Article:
Newscast for Thursday, March 7, 2013
- Year: 2013
- Length: 29:09 minutes (26.7 MB)
- Format: MP3 Mono 44kHz 128Kbps (CBR)
In Syria, opposition forces that captured 21 UN troops near the Golan Heights said today that they would release them, but only after President Bashar al Assad’s military stopped airstrikes and left the area. According to Reuters, an official with the rebel group Martyrs of Yarmouk, made the statement following the capture of the 21 Filipino troops near the village of Jamla yesterday. The UN has condemned the capture and called for their immediate release. As fighting continues throughout Syria, medical staff with Doctors Without Borders said the lack of adequate health services makes the situation “catastrophic” for residents. Medical staff are being targeted and in some instances killed. Christopher Stokes, general director for Doctors without Borders in Belgium, said in a teleconference with reporters today that many of the sites that used to provide health services have been attacked and looted both by government forces and opposition groups. As a result, healthcare has had to go underground.
“We’ve seen a dentist perform a minor surgery, we’ve seen pharmacists provide healthcare. We’ve seen in one case blood transfusions that were not even tested, resulting in the death of the patient, so the patients are given the wrong blood type, so the most basic level of health care are not available in vast areas of the country.” Stokes said much of the capacity of Syria to produce vital medicines has also been destroyed. Audrey Landemann, MSF project coordinator in Syria, said that though most patients who reach their hospital in the north need surgeries due to shootings and explosions, basic care is also a great need.
“One diabetic patient can look for insulin in a lot of places, but will not find the insulin or if he finds insulin, it will cost him around 25 or 30 dollars for one vial of insulin. People with cancers get no treatments and don’t know where to go to get their treatment. People are coming also looking for baby milk or just for flour to do bread.”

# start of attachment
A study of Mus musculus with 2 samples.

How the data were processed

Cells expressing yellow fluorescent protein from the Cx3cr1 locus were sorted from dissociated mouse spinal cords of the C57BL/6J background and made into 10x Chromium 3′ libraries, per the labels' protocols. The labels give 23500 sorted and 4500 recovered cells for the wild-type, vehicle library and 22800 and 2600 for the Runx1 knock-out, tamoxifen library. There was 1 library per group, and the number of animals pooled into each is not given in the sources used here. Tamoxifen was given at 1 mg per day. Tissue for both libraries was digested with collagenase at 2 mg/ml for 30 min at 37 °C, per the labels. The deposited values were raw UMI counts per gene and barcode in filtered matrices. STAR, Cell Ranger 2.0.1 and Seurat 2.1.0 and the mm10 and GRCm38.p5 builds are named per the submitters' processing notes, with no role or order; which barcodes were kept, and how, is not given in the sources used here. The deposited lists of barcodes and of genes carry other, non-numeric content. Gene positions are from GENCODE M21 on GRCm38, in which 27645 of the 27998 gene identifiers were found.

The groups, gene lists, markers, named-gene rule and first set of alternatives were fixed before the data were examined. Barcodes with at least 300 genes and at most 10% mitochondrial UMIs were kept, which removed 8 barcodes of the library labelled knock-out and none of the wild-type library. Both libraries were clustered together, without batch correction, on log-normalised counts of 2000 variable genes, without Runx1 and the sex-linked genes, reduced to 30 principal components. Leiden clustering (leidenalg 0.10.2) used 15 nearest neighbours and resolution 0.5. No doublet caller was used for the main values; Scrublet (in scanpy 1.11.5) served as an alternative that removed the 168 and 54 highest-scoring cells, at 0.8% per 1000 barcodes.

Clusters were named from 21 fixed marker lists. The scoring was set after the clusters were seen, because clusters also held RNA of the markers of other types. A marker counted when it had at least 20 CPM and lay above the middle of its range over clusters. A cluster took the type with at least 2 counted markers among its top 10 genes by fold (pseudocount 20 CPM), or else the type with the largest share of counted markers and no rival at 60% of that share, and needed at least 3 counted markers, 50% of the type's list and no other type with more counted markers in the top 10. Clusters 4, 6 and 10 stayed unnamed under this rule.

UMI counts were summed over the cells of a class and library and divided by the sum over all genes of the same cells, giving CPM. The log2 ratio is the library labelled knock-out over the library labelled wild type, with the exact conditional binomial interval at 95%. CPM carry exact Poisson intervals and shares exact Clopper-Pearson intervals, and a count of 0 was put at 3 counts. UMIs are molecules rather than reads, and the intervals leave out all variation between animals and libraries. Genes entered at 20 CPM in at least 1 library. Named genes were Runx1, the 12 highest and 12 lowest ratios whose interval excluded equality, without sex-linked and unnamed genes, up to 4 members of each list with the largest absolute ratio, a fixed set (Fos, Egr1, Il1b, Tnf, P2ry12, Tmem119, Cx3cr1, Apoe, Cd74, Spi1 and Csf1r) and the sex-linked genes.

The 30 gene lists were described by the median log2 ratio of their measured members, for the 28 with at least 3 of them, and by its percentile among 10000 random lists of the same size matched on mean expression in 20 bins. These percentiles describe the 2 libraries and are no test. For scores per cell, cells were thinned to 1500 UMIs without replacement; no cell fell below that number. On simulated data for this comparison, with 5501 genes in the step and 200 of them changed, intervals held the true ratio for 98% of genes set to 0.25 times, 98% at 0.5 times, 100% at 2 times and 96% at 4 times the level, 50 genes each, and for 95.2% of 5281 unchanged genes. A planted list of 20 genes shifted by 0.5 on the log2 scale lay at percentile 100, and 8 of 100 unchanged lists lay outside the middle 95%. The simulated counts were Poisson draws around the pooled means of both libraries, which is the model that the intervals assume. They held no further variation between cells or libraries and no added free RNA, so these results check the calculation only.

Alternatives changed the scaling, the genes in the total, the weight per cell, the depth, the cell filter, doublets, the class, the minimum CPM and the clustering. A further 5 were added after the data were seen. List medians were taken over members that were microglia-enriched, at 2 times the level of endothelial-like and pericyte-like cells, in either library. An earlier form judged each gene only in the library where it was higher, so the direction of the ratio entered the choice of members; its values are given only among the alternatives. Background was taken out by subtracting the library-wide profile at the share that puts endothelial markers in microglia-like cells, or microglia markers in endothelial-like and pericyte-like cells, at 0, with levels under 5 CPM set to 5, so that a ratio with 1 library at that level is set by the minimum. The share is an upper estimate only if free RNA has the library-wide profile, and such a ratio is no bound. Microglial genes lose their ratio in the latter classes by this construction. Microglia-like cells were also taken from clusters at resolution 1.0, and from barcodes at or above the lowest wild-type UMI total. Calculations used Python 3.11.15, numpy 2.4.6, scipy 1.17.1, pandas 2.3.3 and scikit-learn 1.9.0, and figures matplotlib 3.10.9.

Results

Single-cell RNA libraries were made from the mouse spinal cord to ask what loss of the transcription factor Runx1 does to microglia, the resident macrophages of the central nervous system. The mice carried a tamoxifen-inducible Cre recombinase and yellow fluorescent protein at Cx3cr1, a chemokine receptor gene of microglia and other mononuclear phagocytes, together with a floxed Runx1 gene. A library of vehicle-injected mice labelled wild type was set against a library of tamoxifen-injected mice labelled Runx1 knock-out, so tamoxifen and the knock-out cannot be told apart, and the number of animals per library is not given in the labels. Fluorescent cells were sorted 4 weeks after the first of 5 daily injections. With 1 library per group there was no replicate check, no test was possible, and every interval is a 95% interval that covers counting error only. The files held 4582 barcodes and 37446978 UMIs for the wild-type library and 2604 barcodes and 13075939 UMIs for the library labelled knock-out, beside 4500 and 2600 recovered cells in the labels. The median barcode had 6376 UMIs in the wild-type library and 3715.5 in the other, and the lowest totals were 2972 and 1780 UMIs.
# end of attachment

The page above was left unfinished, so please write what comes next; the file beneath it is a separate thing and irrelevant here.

Access to reliable information from within the country has also made international response slow, say activists. Dr. Mouna Ghanem works with the activist group Syrian Women Making Peace in Damascus. She told UN Radio that the international media has not been doing a good job in reporting the conflict accurately or neutrally.
“We know that lots of violence has been exercised by the regime and we know that there was a counter violence, but the international media they didn’t play the neutral role. On the contrary, they encouraged people to use violence, they promote the personalities who commit violence as the victors as the heroes, so I think this is not the right role of the media.”
Ghanem, who is on tour in the US with a group of women from the region, said that change must come from within the country and must include people from across the political spectrum.
UNICEF calls for halt to arrests, detention of youth by Israeli military
Israeli troops have arrested thousands of Palestinian children during the past decade -- now the United Nations Children's Fund, UNICEF, is calling for an immediate halt to practices they say violate international human rights law.This week some of those arrests continued in heavily militarized night raids in the West Bank. FSRN’s Ghassan Bannoura has more.
In Venezuela, a seven-day mourning period for President Hugo Chavez began today as tens of thousands filled the streets of the capital, Caracas. Many expressed passionate responses about the loss of Chavez, who led the country for nearly 15 years. Audio and translation from Al Jazeera. New details came out today on the cause of Chavez’ death. A presidential guard told AP that Chavez died of a massive heart attack Tuesday after a long fight against cancer. Despite a US-supported coup attempt to remove him from power, Chavez served multiple terms and became a powerful figure in South America, ushering in a slate of social programs and a check on foreign influence, most notably on Venezuela’s vast oil resources. For more, we’re joined by investigative journalist Greg Palast, who reported frequently on Hugo Chavez and Venezuela. His video report, The Assassination of Hugo Chavez, which aired on the BBC, explored the often contentious US relationship with the late President.
The House of Representatives passed a bill this week to keep funding the government through September, averting a possible shutdown at the end of this month. But Democrats in the House and Senate are criticizing the measure, for keeping the deep budget cuts triggered last week, and for protecting the military’s budget at the expense of social programs. As President Obama holds more meetings with Republican lawmakers about a more sweeping budget plan, progressive economists and lawmakers are mobilizing to defend programs that support the most vulnerable people in the country. On Capitol Hill, FSRN’s Alice Ollstein reports.
On Tuesday the board of directors of Free Speech Radio News announced that the show will go off the air on March 15th unless $35,000 is raised. KGNU’s Maeve Conran reports.